Numerous victims were dismembered beyond recognition and police said it would take several days to complete the identification of the dead.
Punjab Chief Minister Amarinder Singh ordered an investigation into the accident and announced a monetary compensation of 500,000 rupees ($6800) to each family of the victims.
Railway officials said no permission was sought from them either and ruled out an inquiry by the department into what they said was the worst accident due to "trespass" on railway tracks.
The Railways, while ruling out an inquiry into the mishap, has said it was not informed by the organisers or the local administration that a Dussehra event was being organised close to railway tracks.
Chairman Railway Board Ashwani Lohani said in a statement that the accident occurred at a midsection between the Amritsar and Manawala stations and not at a level crossing.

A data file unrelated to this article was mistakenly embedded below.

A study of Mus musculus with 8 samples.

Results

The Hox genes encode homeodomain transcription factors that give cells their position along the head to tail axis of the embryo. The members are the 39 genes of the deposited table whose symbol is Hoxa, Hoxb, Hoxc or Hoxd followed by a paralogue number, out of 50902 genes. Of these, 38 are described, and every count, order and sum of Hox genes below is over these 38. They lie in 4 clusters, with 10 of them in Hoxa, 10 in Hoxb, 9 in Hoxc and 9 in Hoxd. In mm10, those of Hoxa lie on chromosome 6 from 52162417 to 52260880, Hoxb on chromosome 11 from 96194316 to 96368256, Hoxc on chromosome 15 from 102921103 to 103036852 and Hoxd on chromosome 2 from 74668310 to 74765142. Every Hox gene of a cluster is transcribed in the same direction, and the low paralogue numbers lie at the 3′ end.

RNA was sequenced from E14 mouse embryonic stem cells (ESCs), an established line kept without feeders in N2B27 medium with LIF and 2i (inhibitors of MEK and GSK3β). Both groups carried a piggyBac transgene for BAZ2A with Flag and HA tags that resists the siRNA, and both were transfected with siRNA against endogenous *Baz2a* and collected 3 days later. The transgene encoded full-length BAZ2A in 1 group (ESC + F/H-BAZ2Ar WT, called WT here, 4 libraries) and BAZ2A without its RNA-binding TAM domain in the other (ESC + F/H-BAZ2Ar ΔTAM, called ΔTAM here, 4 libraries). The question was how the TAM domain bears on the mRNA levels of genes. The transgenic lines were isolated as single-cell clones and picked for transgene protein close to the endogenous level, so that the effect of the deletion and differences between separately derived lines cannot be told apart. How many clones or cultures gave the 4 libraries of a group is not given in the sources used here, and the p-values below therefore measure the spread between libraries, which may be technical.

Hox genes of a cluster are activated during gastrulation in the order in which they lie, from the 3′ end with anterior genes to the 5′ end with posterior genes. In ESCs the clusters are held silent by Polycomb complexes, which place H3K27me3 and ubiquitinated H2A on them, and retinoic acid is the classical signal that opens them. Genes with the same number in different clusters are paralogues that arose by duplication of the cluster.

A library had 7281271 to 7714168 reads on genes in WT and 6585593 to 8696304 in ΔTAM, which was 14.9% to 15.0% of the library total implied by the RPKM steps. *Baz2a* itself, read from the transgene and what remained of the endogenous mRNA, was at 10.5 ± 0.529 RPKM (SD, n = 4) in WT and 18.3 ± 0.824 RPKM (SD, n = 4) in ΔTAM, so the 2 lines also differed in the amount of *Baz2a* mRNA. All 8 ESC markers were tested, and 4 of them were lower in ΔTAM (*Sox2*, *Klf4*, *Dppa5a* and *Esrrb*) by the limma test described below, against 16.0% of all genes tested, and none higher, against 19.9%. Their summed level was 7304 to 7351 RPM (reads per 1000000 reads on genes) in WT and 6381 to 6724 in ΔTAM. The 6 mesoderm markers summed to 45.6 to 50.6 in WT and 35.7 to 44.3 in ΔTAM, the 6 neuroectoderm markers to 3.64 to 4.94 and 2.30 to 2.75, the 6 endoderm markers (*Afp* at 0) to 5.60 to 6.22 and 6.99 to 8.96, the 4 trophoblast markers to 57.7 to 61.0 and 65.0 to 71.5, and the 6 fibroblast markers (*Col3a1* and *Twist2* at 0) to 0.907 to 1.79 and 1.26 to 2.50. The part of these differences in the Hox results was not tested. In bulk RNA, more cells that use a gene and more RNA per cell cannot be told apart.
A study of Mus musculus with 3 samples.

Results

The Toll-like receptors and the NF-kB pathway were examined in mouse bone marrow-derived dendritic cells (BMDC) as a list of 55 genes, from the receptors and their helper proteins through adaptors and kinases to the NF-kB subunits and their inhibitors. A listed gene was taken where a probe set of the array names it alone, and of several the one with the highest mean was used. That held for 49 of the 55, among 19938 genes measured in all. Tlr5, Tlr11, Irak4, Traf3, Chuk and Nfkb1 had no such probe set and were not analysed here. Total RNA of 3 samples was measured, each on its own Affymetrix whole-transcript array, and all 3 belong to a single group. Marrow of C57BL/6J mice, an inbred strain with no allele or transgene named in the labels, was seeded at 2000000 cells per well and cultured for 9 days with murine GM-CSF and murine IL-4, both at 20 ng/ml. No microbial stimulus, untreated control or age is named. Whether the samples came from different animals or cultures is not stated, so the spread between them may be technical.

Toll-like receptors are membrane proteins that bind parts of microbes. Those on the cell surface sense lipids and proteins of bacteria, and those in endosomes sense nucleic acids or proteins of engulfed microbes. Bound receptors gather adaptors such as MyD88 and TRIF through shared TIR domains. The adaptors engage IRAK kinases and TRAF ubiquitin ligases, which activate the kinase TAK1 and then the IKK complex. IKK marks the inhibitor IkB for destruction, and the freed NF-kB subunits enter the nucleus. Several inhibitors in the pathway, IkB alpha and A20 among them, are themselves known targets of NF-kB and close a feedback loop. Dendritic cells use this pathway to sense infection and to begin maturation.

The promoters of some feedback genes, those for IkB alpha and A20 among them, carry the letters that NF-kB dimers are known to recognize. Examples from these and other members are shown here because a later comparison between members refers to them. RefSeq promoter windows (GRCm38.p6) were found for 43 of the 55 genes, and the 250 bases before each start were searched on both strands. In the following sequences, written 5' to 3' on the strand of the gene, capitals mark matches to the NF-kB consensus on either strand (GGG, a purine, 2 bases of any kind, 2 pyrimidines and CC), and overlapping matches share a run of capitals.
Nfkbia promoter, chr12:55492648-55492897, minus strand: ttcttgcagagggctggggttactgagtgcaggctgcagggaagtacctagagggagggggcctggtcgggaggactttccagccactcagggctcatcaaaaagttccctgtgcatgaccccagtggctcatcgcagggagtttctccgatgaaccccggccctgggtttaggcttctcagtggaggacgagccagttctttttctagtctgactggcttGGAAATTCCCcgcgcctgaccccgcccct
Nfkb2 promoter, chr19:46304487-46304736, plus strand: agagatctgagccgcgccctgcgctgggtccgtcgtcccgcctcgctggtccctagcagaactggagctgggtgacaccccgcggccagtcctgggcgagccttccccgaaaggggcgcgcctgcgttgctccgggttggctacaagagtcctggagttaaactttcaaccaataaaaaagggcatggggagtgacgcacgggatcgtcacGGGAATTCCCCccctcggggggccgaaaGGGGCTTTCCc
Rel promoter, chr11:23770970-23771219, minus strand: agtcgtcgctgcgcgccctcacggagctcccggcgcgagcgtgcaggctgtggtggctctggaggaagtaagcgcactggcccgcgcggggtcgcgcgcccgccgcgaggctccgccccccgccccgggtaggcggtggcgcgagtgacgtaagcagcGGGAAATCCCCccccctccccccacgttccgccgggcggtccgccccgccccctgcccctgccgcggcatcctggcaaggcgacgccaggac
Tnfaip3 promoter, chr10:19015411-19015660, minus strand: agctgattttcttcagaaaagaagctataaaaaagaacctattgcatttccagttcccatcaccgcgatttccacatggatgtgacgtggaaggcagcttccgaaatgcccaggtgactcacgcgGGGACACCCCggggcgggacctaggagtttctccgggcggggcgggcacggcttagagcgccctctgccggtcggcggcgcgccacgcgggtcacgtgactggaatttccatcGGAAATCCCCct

A state of mourning has been declared - offices and schools in Punjab will be closed on Saturday, Reuters reports.
In the death of 59 people in the Amritsar train tragedy on Friday evening, a bigger tragedy has struck many families: their sole breadwinners have died; and in several cases, children are still trying to find their parents.
Singh said only 25 bodies had been identified so far. There has been no action taken against the organizers yet.
The Chief Minister also directed that ration, clothing, and medicines be provided to the families of the victims expeditiously, as majority came from an economically weak background. Video clips posted on the social media showed some people who had apparently seen the approaching train tried to run away.
The disaster, near Amritsar in the north of the country on Friday, led to new demands for safety reforms to India's accident-plagued railway system, which records thousands of deaths each year.
Police are also making announcements on loudspeakers asking people to remain inside their houses.